Just because your smoothie is packed with fruits and vegetables doesn’t mean it’s low in calories or good for you. Even green smoothies can cause weight gain if you aren’t careful about what you put in it. Whether it’s store-bought or homemade, your favourite blended beverage might be disguising unwanted calories, sugar, and fat.
Are smoothies as good as eating fruit?
Yes and no. If you load up on too much fruit and use fruit juice as your base, then you run the risk of consuming too much sugar and calories, Taub-Dix says. However, if you limit your fruit intake to no more than two servings in your smoothie, then you’re getting a healthy amount of fruit while reaping their antioxidants.
Now that you know how to turn a smoothie into a healthy meal, here are some other ways your smoothie can be sabotaging your weight loss—and how to fix it.
The mistake: You may feel virtuous gulping down a hefty smoothie, but you’re easily eating more than you realize. Smoothies can contain a pound or more of produce—significantly more than you would ever eat raw. All of that adds up to extra calories, carbohydrates, and sugar. A smoothie should be no more than eight to 10 ounces, according to Groppo. Most pre-made or made-to-order smoothies are nearly twice that at 16 or 24 ounces. Some smoothies are also overloaded with other foods, like granola and more fresh fruit. But in reality, you don’t need these add-ins.
How to fix it: Measure out 8 ounces and freeze the extra for later. When you order out, order the kid’s size—it’s usually closer to 10 ounces. Or, ask for two cups and divide it up so you aren’t tempted to drink the whole thing in one go. You can always freeze or share your uneaten portion.
Your smoothie has too many ingredients
The mistake: Even low-calorie foods—like fruits and vegetables—add up. And many smoothies include ingredients like yoghurt, whipped cream, sweeteners, sorbet, or even ice cream that increase the calories. Bottled and made-to-order smoothies can easily pack in 300 to 600 calories in 16 ounces. “Don’t assume that one package or one bottle is one serving,” says Groppo. “Look at the nutrition label to see how many servings are in it.”
How to fix it: Keep an eye out for smoothies with added nut or seed butter, coconut oil, or avocado, as these all add significant amounts of calories. If you grab a smoothie for a snack, don’t forget to include it in your total calories for the day.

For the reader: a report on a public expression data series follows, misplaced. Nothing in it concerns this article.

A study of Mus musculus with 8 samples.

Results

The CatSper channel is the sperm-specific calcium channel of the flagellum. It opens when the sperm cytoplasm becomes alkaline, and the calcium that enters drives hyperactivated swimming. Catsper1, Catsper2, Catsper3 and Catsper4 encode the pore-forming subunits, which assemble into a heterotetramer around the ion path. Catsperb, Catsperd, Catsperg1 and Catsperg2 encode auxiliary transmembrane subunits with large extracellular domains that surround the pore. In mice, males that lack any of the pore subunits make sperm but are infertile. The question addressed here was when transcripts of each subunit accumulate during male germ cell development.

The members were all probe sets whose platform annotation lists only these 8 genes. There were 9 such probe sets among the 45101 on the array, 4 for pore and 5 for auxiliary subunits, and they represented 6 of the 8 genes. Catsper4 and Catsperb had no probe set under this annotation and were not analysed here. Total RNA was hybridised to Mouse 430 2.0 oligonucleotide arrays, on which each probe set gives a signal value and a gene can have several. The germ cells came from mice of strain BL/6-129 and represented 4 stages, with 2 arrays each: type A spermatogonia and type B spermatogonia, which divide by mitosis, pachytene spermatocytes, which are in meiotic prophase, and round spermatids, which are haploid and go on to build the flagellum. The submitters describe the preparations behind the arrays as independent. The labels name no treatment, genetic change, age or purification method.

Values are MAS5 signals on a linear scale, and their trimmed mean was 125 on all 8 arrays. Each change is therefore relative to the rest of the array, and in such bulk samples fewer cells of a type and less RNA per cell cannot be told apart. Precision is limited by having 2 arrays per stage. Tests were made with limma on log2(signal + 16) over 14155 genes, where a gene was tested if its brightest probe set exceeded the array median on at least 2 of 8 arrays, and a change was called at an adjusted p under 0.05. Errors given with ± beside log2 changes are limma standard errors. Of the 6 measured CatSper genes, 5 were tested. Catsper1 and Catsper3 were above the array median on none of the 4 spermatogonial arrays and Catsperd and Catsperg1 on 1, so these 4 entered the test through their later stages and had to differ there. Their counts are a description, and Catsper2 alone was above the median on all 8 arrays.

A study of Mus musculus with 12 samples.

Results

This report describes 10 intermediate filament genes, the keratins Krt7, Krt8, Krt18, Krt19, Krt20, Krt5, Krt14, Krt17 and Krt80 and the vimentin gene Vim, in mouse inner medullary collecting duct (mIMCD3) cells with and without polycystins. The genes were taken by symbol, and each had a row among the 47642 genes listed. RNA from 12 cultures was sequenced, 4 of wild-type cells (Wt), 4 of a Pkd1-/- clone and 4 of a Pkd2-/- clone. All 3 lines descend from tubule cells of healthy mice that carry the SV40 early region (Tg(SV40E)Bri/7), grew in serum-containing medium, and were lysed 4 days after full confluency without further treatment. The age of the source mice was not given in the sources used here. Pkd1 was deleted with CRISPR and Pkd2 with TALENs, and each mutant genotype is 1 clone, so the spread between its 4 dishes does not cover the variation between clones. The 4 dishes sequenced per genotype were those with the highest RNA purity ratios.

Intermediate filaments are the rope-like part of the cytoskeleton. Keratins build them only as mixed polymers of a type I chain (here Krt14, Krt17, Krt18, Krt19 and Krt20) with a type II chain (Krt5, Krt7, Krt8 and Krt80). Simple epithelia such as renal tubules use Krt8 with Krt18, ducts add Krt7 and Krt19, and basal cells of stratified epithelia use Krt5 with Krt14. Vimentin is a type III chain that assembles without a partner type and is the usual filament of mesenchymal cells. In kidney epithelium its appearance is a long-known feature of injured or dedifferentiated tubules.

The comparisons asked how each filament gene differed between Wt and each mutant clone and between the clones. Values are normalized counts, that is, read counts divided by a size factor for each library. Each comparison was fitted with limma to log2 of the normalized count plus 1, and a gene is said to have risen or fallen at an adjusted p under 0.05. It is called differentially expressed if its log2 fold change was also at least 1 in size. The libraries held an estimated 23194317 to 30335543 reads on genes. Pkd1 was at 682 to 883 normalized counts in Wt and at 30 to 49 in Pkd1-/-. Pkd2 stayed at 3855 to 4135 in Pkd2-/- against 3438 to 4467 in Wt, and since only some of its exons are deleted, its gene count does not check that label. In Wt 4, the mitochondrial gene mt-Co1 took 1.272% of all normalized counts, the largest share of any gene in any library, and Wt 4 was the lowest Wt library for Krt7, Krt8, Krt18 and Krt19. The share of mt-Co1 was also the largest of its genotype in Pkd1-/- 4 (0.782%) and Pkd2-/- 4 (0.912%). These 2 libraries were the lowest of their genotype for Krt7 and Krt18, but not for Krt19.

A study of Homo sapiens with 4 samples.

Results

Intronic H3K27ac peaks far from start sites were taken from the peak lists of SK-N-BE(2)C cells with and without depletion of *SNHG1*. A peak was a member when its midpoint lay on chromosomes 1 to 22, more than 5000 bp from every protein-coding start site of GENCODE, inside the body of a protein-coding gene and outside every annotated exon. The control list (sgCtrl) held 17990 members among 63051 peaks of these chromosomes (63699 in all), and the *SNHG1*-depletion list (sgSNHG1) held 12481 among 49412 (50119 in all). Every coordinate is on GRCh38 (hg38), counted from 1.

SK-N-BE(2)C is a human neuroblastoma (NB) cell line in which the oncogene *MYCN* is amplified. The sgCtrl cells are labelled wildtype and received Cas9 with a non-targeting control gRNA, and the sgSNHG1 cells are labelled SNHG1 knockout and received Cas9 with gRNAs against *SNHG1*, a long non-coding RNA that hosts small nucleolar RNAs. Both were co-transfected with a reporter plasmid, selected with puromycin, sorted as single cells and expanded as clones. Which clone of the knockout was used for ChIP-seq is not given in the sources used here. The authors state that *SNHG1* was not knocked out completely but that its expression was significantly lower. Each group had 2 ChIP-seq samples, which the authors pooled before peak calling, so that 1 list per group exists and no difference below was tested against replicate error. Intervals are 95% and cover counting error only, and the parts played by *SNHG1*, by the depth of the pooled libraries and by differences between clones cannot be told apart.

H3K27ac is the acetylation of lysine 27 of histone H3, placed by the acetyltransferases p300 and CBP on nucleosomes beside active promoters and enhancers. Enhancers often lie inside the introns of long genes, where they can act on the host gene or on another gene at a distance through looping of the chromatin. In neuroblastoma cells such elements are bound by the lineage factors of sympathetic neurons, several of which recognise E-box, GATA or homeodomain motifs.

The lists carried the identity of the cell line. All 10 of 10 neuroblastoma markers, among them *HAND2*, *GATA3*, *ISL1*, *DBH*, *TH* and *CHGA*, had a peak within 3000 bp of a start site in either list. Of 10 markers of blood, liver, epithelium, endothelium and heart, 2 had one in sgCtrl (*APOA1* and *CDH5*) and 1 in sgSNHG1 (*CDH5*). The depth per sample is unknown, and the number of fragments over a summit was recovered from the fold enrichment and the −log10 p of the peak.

Your smoothie is loaded with sweeteners
The mistake: Your taste buds don’t lie: If your smoothie tastes sweet, it’s likely full of sugar—many store-bought options have almost as much sugar as a soda. Jamba Juice’s banana berry smoothie, for instance, has a whopping 59 grams in 16 ounces. The problem is, many store-bought smoothies have added sugars, often in the form of white sugar, syrup, honey, or maple syrup. Excessive sugar can leave you tired and cranky a couple of hours later and wreak havoc on your blood sugar.
How to fix it: Make sure your smoothie has more vegetables than fruits, and opt for low-sugar vegetables like kale, spinach, cucumber, and zucchini. Stick to no more than two servings of fruit in your smoothie.
You’re not eating your smoothie with a spoon
The mistake: The rush of sugar from a smoothie spikes your blood sugar and leaves you feeling tired and hungry just hours later. A lack of protein and healthy fats also means you get hunger pangs sooner.
How to fix it: Slow down. Eat a smoothie with a spoon instead of slurping it up with a straw. Plus, when you actually sit down and chew your food, your body secretes hormones that help increase satiety (or how full you feel), says Groppo. Adding fats and protein will help make you feel full longer. Half of an avocado is around 117 calories, and half a cup of Greek yoghurt is around 100 calories. An extra boost of fibre and protein from hemp seeds, chia seeds, and flax meal can also help keep you full.
You’re drinking a smoothie at the wrong time
The mistake: Your body is better able to handle sugar at different times of the day. The more active you are, the better your body can process and absorb sugar. Better absorption means that your blood sugar won’t spike as much and you won’t be left tired and hungry hours later. Some people like to drink a smoothie first thing in the morning or as a meal replacement.
How to fix it: Enjoying a smoothie post-workout is best, but otherwise stick to lunch or another part of the day when you’re the most physically active. Taub-Dix says that liquids are more readily digested than solids, which makes it great as an after-workout beverage when you need quick carbs, protein, and sugar.